This is a Theremin…
…and I want one. Unfortunately, Santa (aka, Laura) didn’t agree. Something about it being too expensive and weird-sounding. Oh well. So, I decided to look into options for building one. I had been playing with the PicoBoard and MaKey MaKey, and thought those would provide excellent options.
It seems that everyone wants to make banana pianos with the MaKey Makey. Since a MaKey Makey imitates a keyboard, it’s great for discreet keys and tones. However, a Theremin operates on a continuum, sort of like a violin or trombone. Therefore something else was needed. That’s where the PicoBoard comes in, with its ability to return values along a continuum based on its sensors.
First, though, it might help to know what a Theremin is…
The Theremin was invented in 1928 by Lev Sergeyevich Termen, aka Léon Theremin. It was one of the first electronic instruments, predating synthesizer technology. A Theremin has two antennae – one controls pitch and the other controls volume. Players don’t touch the instrument, but changes in position relative to these antennae control pitch and volume.
Here’s a video of its inventor playing the Theremin…
The Theremin never gained the popularity that its inventor hoped. It was relegated to the realm of geekery, its unearthly tones often associated more with science fiction than symphony. Pop culture geeks from all ages have taken an interest in the instrument, from Boris Karloff as Frankenstein’s monster…
to Sheldon Cooper on the Big Bang Theory…
So, of course, being a geek with a keen interest in both electronics and electronic music, the Theremin would be right up my ally.
But, back to the project at hand…
First I needed some sort of tone generator. The PicoBoard only works with the Scratch programming language, so that’s where I had to start. I created a script that plays a tone when the space bar is pressed. I included a loop so that when the button on the PicoBoard is pressed, the amount of light hitting the PicoBoard’s sensor alters the pitch.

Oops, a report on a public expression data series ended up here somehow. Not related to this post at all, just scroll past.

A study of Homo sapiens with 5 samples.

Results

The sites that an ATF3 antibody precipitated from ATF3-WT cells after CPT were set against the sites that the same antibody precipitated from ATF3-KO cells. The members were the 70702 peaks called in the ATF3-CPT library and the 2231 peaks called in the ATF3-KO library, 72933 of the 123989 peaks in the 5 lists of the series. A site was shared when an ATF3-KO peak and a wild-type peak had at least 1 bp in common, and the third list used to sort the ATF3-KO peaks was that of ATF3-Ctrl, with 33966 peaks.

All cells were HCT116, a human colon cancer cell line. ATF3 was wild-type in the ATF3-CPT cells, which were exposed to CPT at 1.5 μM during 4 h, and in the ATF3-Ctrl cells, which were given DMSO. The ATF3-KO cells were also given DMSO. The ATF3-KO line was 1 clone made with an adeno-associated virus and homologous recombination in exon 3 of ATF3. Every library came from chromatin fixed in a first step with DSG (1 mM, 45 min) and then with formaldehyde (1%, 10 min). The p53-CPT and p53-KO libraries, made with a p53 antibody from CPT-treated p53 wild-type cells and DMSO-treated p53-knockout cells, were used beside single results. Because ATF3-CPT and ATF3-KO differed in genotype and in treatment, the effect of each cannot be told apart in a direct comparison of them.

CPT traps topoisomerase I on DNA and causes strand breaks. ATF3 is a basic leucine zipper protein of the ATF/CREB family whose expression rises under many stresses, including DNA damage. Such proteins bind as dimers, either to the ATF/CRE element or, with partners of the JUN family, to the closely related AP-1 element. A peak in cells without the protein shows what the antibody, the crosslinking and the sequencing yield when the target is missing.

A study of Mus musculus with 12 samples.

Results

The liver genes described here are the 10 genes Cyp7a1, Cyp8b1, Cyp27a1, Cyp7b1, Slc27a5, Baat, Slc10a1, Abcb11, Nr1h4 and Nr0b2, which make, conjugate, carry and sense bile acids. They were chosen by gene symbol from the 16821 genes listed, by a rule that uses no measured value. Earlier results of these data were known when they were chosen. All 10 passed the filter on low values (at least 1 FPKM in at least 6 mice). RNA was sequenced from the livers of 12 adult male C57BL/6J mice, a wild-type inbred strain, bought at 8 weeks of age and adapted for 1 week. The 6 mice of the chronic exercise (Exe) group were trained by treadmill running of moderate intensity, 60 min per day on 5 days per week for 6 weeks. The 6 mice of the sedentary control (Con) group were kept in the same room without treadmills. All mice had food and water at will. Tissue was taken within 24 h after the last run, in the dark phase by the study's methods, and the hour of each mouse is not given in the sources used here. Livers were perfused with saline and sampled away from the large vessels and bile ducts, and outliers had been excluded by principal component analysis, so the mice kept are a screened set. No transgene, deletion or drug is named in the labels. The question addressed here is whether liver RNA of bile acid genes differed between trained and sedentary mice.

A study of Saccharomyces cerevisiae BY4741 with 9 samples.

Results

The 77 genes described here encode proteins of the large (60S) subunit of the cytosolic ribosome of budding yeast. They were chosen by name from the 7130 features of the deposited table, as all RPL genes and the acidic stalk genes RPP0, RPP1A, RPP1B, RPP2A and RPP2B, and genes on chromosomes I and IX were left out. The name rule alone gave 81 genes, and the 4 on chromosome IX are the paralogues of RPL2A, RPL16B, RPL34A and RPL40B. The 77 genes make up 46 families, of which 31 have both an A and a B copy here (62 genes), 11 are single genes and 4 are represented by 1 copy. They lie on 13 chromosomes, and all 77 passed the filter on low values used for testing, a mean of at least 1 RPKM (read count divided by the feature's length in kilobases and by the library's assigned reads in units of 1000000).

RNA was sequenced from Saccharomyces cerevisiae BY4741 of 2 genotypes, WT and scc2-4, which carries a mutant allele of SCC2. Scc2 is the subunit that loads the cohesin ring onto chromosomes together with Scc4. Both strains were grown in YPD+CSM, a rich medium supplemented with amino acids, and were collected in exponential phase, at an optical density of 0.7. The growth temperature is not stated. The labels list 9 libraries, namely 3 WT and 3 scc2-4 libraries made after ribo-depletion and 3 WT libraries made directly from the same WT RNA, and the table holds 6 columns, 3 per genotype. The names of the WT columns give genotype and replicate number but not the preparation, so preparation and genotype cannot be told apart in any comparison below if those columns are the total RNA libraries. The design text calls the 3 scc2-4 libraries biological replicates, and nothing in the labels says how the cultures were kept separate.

This wasn’t quite sufficient, though. No matter what timbre I selected, I was only getting discreet tones, rather than the smooth continuum of the Theremin. The trick was to used three tone generators instead of one. Each tone duration was off-set slightly, so that there was the illusion of a continuous sound. In Scratch actions are associated with “sprites”, and the default sprite is an orange cat. Seems appropriate since our own orange cat, Cosmo, was very keen to help.
I altered the sprite animation so that each would appear to “sing” when the tones were being generated. I also added a fourth sprite and routine that marks the amount of pitch change in graph format.
The completed script that I created is available from the MIT Scratch website, and you can run it online (assuming you have a PicoBoard.)
I set it up so that I could change from the light sensor to other resistance sensors on the PicoBoard. Here’s a video of the results. In addition to light I used a graphite pencil mark, a piece of cheese, and an orange.
Of these, it seemed that the orange had the best control over pitch. I think the citrus acid is a better conductor.
So far I had just been using tones generated by my laptop. Since the Raspberry Pi (RPi) will run Scratch, I thought I’d try it with the PicoBoard. Normally I’d press the space bar to start the script, press “q” to stop it, then press “r” to reset everything. Since the RPi doesn’t have a keyboard, the MaKey Makey would be perfect. I used VNC to attach to the RPi and an FTP client to upload the Scratch script to the RPi. I then altered the script so that instead of “q” and “r” it would use “a” and “w”, keys available on the MaKey MaKey. I used PlayDoh as keys for these, and created a ground bracelet by wrapping foil around my survival cord bracelet.
It was all a beautiful plan, but…
In order to get it all connected I had to use a USB hub. Unfortunately, the RPi doesn’t put out enough juice through its USB ports to power the MaKey Makey, PicoBoard, and WiFi adapter. The RPi kept shutting down because it just couldn’t pull the power. I decided to strip things down to the basics. I used VNC to start the script on my laptop, but used just the PicoBoard and RPi to create the Theremin.
Here’s the video results:
The RPi doesn’t respond to the PicoBoard sensors quite as well, so the pitch doesn’t seem to be as high. That actually turns out to be a good thing. The pitch is almost controllable.
Almost, but not quite.
Perhaps one day I may get a Moog Etherwave Theremin. Then I might be able to construct a Badgermin…
…but, for now, I think my Theremin longings have been sated.